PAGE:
Editorial : Density, indeed
As Edgartown town counsel Ron Rappaport put it, answering a newspaper reporter's question about the Cozy Hearth 11-lot, 40B, cluster development plan, whose enervating, five-year struggle for approval appears about over, it has been a fight "about density, density, density."
The developer, a privately funded, not-for-profit group of friends, relatives, and employees, sought to create a neighborhood of building lots they could afford on Martha's Vineyard, where they want to live. The withering plague of regulatory review added conditions, which made lots that may have been nearly affordable in the conception ultimately unaffordable in the result. But that review merely set the table for years of Edgartown zoning board of appeals opposition, first at the state housing appeals committee, which rejected the town argument, then in Superior Court, which upheld the housing appeals committee decision, and now, in the offing, the threat of a third appeal.
Edgartown, which funded these repeated appeals, the town zoning board of appeals that is distinguished only by its relentlessness, the critics of the development plan who heaped expense upon expense along the way, and the affordable housing community, whose support for the Cozy Hearth effort has been muted at best - will have defeated a worthy and privately funded affordable housing plan, not on the merits, but rather by bleeding the modestly funded applicants of time and money.
The conception for the Cozy Hearth development was Bill Bennett's. Mr. Bennett is an electrical contractor. The plan to develop an affordable housing community occurred to him after the loss of two of his best employees, who left him and intended to leave the Island because they could not find affordable housing. The Cozy Hearth Community Corporation (CHCC) bought 11 acres of land in Edgartown zoned for three-acre lots. Their plan required dividing the land into 11 one-acre lots for 11 houses, under the provisions of Chapter 40B, a state statute aimed at defeating local zoning rules that block the development of affordable housing, as Vineyard zoning rules do.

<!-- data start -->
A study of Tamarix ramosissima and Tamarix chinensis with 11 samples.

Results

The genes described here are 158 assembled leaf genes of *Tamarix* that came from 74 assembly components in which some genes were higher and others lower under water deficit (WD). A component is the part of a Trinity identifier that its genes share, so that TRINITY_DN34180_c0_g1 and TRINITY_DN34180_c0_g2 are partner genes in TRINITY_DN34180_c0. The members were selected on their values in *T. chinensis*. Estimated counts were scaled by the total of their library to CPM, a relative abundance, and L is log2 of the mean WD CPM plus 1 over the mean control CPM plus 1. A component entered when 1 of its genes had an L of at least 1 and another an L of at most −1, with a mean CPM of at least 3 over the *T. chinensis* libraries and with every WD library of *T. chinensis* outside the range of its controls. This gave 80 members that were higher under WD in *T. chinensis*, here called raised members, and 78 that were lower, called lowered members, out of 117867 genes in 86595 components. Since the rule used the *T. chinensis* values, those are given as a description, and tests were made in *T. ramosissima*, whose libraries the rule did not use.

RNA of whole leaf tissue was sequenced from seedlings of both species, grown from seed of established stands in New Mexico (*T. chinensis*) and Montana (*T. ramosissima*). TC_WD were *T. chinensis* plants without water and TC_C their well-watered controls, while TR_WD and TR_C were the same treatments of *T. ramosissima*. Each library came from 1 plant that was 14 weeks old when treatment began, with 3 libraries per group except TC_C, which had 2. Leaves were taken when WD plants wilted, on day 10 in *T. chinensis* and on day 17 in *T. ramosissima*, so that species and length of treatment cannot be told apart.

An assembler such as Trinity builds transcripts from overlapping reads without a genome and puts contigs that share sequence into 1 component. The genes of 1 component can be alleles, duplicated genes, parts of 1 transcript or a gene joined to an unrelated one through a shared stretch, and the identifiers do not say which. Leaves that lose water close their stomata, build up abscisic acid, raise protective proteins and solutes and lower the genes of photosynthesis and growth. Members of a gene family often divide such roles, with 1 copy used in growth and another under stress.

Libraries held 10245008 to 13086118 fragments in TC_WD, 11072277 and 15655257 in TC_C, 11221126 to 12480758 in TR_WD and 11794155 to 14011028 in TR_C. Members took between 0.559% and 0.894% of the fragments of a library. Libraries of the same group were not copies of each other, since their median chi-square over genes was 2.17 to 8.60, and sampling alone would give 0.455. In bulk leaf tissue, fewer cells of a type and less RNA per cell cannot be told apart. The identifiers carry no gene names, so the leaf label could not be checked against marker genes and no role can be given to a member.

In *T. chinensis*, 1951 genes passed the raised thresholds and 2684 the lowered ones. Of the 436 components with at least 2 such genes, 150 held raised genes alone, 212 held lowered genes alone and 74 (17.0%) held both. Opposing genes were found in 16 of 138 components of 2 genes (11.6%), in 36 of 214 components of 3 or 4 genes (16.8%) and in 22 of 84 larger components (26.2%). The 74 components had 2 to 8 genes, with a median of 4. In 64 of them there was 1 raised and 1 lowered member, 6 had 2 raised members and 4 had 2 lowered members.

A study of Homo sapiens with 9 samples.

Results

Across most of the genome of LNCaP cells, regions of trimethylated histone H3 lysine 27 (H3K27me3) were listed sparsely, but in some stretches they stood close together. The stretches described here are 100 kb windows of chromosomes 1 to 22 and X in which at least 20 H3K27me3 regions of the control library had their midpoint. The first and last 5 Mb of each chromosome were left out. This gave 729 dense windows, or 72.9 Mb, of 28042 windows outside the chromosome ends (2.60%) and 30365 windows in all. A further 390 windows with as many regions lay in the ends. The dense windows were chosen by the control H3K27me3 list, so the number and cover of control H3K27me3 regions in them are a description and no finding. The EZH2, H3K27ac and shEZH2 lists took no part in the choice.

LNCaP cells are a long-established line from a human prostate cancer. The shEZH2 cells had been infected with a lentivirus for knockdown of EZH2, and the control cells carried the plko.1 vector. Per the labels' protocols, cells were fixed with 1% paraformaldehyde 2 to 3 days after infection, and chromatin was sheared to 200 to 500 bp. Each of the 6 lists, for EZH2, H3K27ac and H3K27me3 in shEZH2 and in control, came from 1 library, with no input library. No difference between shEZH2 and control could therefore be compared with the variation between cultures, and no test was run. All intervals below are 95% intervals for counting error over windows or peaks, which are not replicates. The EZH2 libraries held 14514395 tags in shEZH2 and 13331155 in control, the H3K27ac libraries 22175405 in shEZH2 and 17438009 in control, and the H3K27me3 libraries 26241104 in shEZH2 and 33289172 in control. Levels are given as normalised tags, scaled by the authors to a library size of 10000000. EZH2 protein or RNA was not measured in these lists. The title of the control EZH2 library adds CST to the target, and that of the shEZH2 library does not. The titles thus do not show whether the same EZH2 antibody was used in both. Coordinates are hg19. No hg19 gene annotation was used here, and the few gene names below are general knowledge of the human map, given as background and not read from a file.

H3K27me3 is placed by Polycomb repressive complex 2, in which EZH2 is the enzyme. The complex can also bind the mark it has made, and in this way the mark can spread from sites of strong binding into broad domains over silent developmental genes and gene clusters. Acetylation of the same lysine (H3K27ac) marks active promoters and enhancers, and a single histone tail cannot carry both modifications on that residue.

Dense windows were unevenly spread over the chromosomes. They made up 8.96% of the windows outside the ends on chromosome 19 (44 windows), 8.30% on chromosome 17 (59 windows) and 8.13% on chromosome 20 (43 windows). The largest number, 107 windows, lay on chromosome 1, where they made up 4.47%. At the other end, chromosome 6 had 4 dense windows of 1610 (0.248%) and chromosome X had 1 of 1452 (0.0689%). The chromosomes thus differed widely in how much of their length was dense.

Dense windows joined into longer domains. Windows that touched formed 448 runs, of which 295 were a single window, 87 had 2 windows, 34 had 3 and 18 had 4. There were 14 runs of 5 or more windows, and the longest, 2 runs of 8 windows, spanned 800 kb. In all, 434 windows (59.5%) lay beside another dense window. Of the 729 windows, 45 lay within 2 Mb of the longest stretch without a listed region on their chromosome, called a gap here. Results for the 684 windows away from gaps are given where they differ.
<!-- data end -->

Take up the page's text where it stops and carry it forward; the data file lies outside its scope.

Under 40B, CHCC would have been required to give 25 percent of the development's lots to Edgartown for affordable housing. That meant that Cozy Hearth would contribute three lots to be sold by the town through an affordable housing lottery. The cost of the affordable housing opportunities given to the town would be divided among the Cozy Hearth members, along with about $85,000 per lot added during the regulatory process. The remaining eight lots were destined for Cozy Hearth members.
After a seven-month review, the Martha's Vineyard Commission (MVC) approved the project in December 2005, with a host of expensive conditions.
In March 2006, Cozy Hearth went to the Edgartown ZBA. In May, the ZBA voted against the 11-house plan and approved just nine. Decreasing project density meant Mr. Bennett and his Cozy Hearth partners would lose two of the three market value lots and that six, not eight, Cozy Hearth members would share the total financial burden.